Reproductive Health Goes Environmental


One does not expect a featured speaker at the annual meeting of the Association of Reproductive Health Professionals to begin her lecture with a glowing tribute to Rachel Carson. The ARHP, after all, is a group mainly composed of clinicians who offer the full range of reproductive and sexual health services–-prenantal, contraceptive and abortion care, sex education,
treatment of HIV and other sexually transmitted infections, and so on. While Carson, who wrote The Sea Around Us in 1951, was one of the pioneers of environmentalism and remains a revered figure in sectors of that movement, it is safe to say that she is no longer a household word in American culture.

But the presence of the speaker, Charlotte Brody–-there to receive ARHP’s “Preserving Core Values in Science Award”–-and the connections she drew between Carson’s legacy and the concerns of ARHP members reflect a very promising new direction for the reproductive health movement. Brody, a distinguished environmental health advocate, is the executive director of Commonweal, a nonprofit health and research institution in Bolinas, California, and a founder of the group, Health Care without Harm.

Brody took the audience through Carson’s early work on the dangers of pesticides and other chemical agents. When she mentioned the rage Carson evoked from various quarters, including the chemical industry-–she was called “a fanatic defender of the cult of the balance of nature,” a “Communist,” and a “spinster” who had no right to “worry about genetics”–I thought of the similar demonization of Margaret Sanger and Emma Goldman, some of the earliest voices for reproductive freedom in this country, and of course the harassment and abuse directed at contemporary ARHP members who are involved in abortion care.

But the most relevant part of Brody’s talk for this audience was her discussion of the specific threats to reproductive health posed by various widely used chemicals in the United States. There is mounting concern in the scientific community about the impact of these chemicals on rising infertility rates and on hazards to early fetal development. Consider the chemical compound bisphenol A (BPA), used in many plastic products, including baby bottles and microwave containers. BPA has been under increasing scrutiny because of its alleged health effects, and animal studies have linked this compound to a host of reproductive problems.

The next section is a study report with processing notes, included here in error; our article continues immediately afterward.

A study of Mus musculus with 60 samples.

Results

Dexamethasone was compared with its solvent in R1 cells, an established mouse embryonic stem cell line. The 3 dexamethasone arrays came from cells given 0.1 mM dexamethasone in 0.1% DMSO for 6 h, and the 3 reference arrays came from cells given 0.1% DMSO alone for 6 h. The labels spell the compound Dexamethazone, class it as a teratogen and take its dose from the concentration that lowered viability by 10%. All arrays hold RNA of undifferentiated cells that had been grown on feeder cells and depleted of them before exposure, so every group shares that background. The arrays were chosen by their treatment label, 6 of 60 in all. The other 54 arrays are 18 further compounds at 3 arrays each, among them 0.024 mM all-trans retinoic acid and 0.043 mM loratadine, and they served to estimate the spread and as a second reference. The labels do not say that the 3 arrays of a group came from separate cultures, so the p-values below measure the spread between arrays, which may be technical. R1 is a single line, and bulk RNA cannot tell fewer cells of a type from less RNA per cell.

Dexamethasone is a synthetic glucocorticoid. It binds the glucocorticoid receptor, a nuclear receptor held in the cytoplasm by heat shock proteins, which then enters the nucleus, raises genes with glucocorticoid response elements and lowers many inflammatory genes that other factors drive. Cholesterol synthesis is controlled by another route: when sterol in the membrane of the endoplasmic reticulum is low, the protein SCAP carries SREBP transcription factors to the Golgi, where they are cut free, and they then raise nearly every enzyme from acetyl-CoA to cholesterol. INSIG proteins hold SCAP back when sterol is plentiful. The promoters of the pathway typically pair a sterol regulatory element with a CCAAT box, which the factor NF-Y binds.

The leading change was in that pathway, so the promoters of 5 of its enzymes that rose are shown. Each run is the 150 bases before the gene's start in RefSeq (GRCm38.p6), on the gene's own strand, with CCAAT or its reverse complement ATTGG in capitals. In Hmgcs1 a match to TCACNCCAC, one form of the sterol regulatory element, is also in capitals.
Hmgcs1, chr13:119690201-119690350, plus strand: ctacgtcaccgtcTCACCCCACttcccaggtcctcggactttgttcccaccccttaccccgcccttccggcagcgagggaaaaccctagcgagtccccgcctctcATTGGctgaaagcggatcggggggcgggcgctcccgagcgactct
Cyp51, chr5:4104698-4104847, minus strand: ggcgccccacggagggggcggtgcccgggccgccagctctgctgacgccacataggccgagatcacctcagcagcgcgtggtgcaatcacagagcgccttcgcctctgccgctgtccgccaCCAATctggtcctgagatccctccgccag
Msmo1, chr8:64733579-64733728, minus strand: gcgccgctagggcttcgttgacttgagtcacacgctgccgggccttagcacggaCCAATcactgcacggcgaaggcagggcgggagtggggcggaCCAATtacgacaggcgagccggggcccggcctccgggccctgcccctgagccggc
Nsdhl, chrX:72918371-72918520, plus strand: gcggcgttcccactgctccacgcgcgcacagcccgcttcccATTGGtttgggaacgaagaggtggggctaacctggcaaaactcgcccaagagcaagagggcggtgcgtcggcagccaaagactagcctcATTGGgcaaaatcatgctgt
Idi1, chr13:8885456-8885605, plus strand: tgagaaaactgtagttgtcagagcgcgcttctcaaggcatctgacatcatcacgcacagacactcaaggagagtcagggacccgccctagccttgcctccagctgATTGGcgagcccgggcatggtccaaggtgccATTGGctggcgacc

Indicative of ARHP’s increasing involvement in the world of environmental health, Dr. Beth Jordan, the organization’s medical director, recently testified at a government hearing on BPA. She stated, “Research indicates that BPA may be related to increased trends in humans regarding abnormal penile/urethral development in males and early maturation in females, increased neurobehavioral disorders such as attention deficit hyperactivity and autism, increased childhood and adult obesity….regional decreases in sperm count.”

The BPA hearing, before the National Toxicology Center, moreover revealed another point of common ground between the reproductive health community and the environmental one: both operate in a political climate in which the integrity of science is under attack. Just as reproductive health professionals have had to contend with Bush operatives posting distorted information on government websites (about the alleged link between abortion and breast cancer, about condom effectiveness, etc), so too has the environmental health community seen scientific results trumped by political concerns, with the Bush administration’s egregious behavior on global warming being the best known example. (As has been well documented, government scientists who came up with unwelcome findings found their work either censored on “edited” by political appointees). In the former case, the Bush administration is catering to its religious right supporters, in the latter case, to its economically conservative, anti-regulatory supporters. But the net effect in both cases is the same: the health and well-being of Americans is jeopardized because of political considerations. With respect to BPA, numerous scientific groups, including the ARHP, have accused the National Toxicology Program of relying disproportionately on industry-funded studies-–which somehow found no problems with BPA–-as it prepared its final report on the safety of this chemical.

ARHP’s incorporation of environmental health concerns once again shows how important it is for groups working in the reproductive sphere to reaffirm the broadest possible mandate for this work. Becoming visible players in campaigns for environmental health allows groups like ARHP to make the point which should be obvious, but after thirty-four years of polarization around abortion, sadly appears lost on many Americans. Those clinicians who provide abortion and contraception also are profoundly committed to helping people have the families they want.